Last updated 3 April 2013

 
3
Solid build, elegant coupe and cabriolet, performance in 300 form.
A little bit dull to drive in 190 form
972,833
were produced

The mid-range Fintail Mercedes-Benz saloon are arguably the first generation of cars that we haqve come to know as the E-Class. The four- and two-door cars were offered with a range of engines, and bodystyles, including a diesel for the impecunious German taxi driver. When launched in 1959, these cars helped define Mercedes-Benz in its core market.

The tailfins may have been shamelessly tacked on to attract American buyers, but there's no arguing their effectiveness: the Fintail Mercedes-Benzes sold well Stateside. Entry-level models had single round headlights, with the more desirable versions treated to the stacked headlamps and double-decked bumpers that would become Benz family trademarks for years to come.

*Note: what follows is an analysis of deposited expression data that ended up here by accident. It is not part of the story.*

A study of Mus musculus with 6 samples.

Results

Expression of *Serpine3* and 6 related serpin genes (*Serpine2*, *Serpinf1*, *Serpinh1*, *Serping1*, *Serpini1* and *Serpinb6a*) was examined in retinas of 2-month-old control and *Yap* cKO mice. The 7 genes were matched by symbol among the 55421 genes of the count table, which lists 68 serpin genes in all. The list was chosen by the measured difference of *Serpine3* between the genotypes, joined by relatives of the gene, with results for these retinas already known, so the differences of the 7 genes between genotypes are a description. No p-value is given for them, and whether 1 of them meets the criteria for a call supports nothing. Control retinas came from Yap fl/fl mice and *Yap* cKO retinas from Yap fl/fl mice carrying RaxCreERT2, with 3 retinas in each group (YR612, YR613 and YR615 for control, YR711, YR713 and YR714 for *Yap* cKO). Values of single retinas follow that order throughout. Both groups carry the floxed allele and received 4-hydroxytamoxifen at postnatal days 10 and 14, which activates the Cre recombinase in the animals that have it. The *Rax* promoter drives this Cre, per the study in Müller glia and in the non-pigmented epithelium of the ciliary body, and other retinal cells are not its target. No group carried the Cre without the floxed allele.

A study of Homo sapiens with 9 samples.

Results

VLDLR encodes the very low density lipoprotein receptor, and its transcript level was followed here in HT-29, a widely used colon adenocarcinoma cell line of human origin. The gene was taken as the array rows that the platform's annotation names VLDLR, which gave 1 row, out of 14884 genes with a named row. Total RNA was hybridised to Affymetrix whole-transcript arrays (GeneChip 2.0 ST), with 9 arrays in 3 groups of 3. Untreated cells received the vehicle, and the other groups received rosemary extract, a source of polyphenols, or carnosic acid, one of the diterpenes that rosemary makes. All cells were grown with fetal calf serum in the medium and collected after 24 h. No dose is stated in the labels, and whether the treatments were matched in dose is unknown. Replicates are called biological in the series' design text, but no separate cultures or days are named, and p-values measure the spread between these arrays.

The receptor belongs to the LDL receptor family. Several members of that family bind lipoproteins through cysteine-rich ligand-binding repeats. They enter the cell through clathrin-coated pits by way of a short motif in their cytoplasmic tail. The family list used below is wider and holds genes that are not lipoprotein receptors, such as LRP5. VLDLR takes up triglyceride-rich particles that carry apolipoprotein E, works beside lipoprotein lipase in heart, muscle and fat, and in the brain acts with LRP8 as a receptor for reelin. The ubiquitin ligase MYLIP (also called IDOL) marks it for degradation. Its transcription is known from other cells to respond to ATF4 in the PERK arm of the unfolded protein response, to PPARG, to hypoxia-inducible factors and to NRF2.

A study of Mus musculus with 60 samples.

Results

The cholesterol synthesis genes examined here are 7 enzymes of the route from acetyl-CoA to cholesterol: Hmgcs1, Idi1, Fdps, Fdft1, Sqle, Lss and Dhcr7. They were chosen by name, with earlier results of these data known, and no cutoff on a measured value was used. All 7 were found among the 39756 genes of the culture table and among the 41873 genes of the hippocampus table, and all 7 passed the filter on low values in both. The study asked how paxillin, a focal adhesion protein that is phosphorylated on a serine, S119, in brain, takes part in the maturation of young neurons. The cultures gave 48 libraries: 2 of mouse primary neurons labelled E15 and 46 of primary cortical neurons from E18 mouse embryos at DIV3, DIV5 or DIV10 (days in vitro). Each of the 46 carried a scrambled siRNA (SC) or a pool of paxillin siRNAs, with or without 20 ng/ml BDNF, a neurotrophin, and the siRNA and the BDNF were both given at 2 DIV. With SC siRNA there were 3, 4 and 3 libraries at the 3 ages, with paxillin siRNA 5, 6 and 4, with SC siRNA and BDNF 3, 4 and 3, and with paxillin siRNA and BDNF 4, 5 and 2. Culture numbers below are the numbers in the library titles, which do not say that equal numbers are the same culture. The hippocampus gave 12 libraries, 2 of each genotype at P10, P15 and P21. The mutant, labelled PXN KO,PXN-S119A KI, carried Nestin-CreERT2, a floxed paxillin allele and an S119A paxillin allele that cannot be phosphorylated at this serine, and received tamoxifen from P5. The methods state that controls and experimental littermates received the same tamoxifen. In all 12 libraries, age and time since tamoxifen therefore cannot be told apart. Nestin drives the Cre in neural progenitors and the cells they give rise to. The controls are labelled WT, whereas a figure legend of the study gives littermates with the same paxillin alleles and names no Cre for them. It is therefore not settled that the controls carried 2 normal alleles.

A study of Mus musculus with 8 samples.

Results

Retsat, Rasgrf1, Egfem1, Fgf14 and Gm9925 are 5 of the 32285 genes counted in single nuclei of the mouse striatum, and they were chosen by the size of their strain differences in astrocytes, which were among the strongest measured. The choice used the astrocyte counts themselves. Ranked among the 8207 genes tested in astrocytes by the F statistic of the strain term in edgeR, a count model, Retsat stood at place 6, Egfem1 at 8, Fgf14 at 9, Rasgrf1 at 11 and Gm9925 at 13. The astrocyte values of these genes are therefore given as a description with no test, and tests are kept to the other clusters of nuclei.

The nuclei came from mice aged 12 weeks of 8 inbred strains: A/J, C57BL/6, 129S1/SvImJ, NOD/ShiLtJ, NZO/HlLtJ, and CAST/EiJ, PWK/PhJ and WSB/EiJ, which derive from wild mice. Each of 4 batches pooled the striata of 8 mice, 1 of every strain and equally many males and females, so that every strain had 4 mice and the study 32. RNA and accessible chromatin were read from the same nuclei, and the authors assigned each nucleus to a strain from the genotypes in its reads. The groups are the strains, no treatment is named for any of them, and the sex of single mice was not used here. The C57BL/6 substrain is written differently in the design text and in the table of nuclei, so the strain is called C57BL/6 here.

The range-topping Mercedes-Benz 300SE was rather special - and again, the beginning of what the company became so well-known for - for cramming big engines into medium-sized cars. Extra chrome helped it stand out, but self-levelling air suspension, all-wheel disc brakes and power steering made this range-topper an absolute delight to drive. That 3.0-litre straight-six was a detuned version of the 300SL engine, and could be bought with four-speed manual or automatic transmission.

The coupes and cabriolets were particularly delightful - they were the first incarnations of Paul Bracq’s two-door, which lasted for more than a decade. Interiors were beautifully-made, and are still seen as a landmark in Mercedes-Benz design. They were offered with 2.2- and 3.0-litre straight-sixes, with up to 170bhp for strong performance.